European Neurosurgical, Neurovascular to Grow Slowly through 2016

Analysis shows many segments of the European neurosurgical and neurovascular device market face significant challenges.

November 14, 2012
Manufacturing Group
Assembly Devices/Implants/Equipment Materials Quality/Metrology People/Facilities

According to Millennium Research Group (MRG), the global authority on medical technology market intelligence, many segments of the European neurosurgical and neurovascular device market face significant challenges from competing treatments, and as a result the overall market will grow only slowly through 2016.

Hydrocephalus shunts, for example face increasing competition from a surgical procedure, endoscopic third ventriculostomy (ETV). Hydrocephalus shunts often experience a variety of malfunctions and require surgical revision. While newer models, including programmable shunts, show fewer failures, the problems have spurred interest in ETV as a treatment of hydrocephalus. The new procedure is being adopted particularly quickly in Germany, where physicians generally favor endoscopic procedures. Not all patients are eligible for ETV, so shunting will remain the primary treatment for hydrocephalus through 2016.

The neurovascular stent market will also face negative pressures, following the negative results from the United-States-based Stenting and Aggressive Medical Management for Preventing Recurrent Stroke in Intracranial Stenosis (SAMMPRIS) study, which tested angioplasty plus stenting using Stryker’s Wingspan stent in the treatment of intracranial atherosclerotic disease (ICAD). Though a United States study, it will strongly affect the European market. Unit sales of ICAD stents saw a dramatic decline of 45% from 2011 to 2012 in the wake of the SAMMPRIS trial.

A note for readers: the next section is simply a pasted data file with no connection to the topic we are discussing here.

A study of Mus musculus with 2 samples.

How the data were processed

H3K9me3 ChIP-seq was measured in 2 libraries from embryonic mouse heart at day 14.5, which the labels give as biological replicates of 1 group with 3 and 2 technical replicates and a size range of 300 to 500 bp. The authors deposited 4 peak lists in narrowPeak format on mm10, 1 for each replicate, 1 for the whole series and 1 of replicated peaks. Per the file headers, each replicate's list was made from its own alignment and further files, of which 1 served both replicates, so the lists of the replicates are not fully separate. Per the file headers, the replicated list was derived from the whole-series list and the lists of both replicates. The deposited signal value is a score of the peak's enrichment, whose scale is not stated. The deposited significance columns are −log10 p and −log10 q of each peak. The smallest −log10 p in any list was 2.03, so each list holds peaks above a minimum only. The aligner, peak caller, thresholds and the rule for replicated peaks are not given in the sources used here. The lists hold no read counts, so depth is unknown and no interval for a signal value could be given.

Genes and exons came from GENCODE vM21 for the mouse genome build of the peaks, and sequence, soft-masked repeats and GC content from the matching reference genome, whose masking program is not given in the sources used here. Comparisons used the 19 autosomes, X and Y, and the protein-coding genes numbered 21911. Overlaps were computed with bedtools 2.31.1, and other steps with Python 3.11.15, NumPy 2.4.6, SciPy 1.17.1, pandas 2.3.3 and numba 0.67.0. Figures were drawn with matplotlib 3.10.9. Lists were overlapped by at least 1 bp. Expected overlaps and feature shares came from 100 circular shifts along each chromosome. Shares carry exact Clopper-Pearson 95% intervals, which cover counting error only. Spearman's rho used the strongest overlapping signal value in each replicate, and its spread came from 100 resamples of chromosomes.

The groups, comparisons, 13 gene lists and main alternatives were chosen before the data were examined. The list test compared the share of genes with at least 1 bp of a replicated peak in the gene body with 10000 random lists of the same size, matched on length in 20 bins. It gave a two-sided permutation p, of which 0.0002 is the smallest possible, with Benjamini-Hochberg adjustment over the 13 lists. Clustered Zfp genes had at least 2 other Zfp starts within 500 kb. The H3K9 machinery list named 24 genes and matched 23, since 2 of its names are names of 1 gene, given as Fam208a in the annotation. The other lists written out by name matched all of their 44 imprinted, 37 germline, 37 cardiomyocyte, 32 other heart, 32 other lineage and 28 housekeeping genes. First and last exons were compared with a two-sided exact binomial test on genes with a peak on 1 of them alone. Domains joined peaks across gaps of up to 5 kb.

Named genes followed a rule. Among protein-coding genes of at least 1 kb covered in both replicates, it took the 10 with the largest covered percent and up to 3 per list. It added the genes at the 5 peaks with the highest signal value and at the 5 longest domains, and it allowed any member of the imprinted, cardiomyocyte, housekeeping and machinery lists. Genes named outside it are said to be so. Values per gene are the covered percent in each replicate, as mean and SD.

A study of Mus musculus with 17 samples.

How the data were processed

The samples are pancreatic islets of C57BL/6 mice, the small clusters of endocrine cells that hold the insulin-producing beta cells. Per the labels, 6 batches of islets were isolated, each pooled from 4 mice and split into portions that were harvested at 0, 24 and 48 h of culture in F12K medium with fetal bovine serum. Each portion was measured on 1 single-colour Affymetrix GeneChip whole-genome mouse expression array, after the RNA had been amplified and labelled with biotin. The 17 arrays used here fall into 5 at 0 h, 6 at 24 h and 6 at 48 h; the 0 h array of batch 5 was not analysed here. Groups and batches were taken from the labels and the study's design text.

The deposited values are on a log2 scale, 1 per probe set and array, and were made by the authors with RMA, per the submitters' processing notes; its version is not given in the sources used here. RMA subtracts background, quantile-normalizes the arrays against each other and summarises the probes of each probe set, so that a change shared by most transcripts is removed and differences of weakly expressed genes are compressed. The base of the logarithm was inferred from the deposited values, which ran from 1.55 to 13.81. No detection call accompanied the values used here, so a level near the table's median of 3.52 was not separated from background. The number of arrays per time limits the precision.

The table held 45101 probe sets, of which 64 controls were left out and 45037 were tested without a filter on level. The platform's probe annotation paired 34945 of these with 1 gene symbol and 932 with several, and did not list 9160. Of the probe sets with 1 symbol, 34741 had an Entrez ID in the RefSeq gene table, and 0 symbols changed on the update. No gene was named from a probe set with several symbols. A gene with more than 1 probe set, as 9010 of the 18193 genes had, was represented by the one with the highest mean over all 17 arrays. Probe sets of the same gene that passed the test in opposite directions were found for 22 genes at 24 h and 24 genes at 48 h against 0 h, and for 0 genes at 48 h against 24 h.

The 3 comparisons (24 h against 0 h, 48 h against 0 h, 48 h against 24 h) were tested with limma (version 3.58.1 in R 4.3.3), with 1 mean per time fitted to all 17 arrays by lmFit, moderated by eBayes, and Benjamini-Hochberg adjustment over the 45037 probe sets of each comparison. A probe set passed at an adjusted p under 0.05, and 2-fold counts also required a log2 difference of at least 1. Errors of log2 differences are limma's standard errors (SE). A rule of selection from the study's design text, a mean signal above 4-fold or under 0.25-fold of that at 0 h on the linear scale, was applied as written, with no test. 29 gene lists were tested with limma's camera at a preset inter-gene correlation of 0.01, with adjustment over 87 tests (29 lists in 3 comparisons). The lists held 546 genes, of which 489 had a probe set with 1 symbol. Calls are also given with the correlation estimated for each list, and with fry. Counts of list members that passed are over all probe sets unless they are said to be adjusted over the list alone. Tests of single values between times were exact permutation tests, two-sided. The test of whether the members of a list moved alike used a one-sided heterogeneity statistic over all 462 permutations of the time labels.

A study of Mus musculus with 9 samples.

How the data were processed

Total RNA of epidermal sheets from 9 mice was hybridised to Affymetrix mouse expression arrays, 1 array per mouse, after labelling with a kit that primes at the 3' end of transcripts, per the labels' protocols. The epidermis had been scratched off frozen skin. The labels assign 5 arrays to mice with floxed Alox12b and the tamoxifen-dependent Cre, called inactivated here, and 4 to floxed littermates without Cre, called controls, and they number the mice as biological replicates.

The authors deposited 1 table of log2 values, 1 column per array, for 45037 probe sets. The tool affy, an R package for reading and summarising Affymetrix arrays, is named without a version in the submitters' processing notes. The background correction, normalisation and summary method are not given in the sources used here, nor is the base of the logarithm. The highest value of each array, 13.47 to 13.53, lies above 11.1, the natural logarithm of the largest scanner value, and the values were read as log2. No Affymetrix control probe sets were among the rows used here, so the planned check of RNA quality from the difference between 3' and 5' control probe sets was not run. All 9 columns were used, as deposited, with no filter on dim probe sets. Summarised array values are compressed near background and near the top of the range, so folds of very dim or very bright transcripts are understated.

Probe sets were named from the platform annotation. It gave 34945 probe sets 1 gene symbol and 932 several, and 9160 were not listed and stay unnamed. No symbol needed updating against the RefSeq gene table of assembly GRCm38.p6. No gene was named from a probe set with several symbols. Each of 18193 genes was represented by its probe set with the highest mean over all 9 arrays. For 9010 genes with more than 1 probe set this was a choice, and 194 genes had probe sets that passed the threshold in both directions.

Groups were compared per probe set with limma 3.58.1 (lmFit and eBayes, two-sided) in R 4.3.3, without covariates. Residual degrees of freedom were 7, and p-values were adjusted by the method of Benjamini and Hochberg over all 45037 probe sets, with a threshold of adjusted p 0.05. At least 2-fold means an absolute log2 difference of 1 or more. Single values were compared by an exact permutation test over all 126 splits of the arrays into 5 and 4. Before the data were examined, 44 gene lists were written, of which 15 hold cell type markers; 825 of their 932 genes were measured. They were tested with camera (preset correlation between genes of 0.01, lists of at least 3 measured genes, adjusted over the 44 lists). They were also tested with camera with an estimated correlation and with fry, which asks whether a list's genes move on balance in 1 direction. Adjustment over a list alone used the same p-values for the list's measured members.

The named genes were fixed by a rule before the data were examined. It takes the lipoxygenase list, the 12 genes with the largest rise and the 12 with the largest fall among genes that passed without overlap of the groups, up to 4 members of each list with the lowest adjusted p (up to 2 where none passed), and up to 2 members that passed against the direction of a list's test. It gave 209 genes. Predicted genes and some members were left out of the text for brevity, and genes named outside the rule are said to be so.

Those negative results will also affect the European neurovascular balloon market, because balloons are typically used in conjunction with stents in the treatment of ICAD.

“Despite the bad news, there will be some market growth as the result of the adoption of premium-priced devices,” says MRG analyst Louise Murphy. “For example, programmable shunts will be increasingly adopted at the expense of lower-priced fixed-pressure stents. Programmable shunts will grow to nearly 50% of the total European hydrocephalus stent market by 2016.”

Most competitors in the neurosurgical and neurovascular device markets are large, with broad portfolios that allow for bundling and strong pricing competition. The dominant companies in this market are Stryker, Covidien, Codman & Shurtleff, and Balt Extrusion.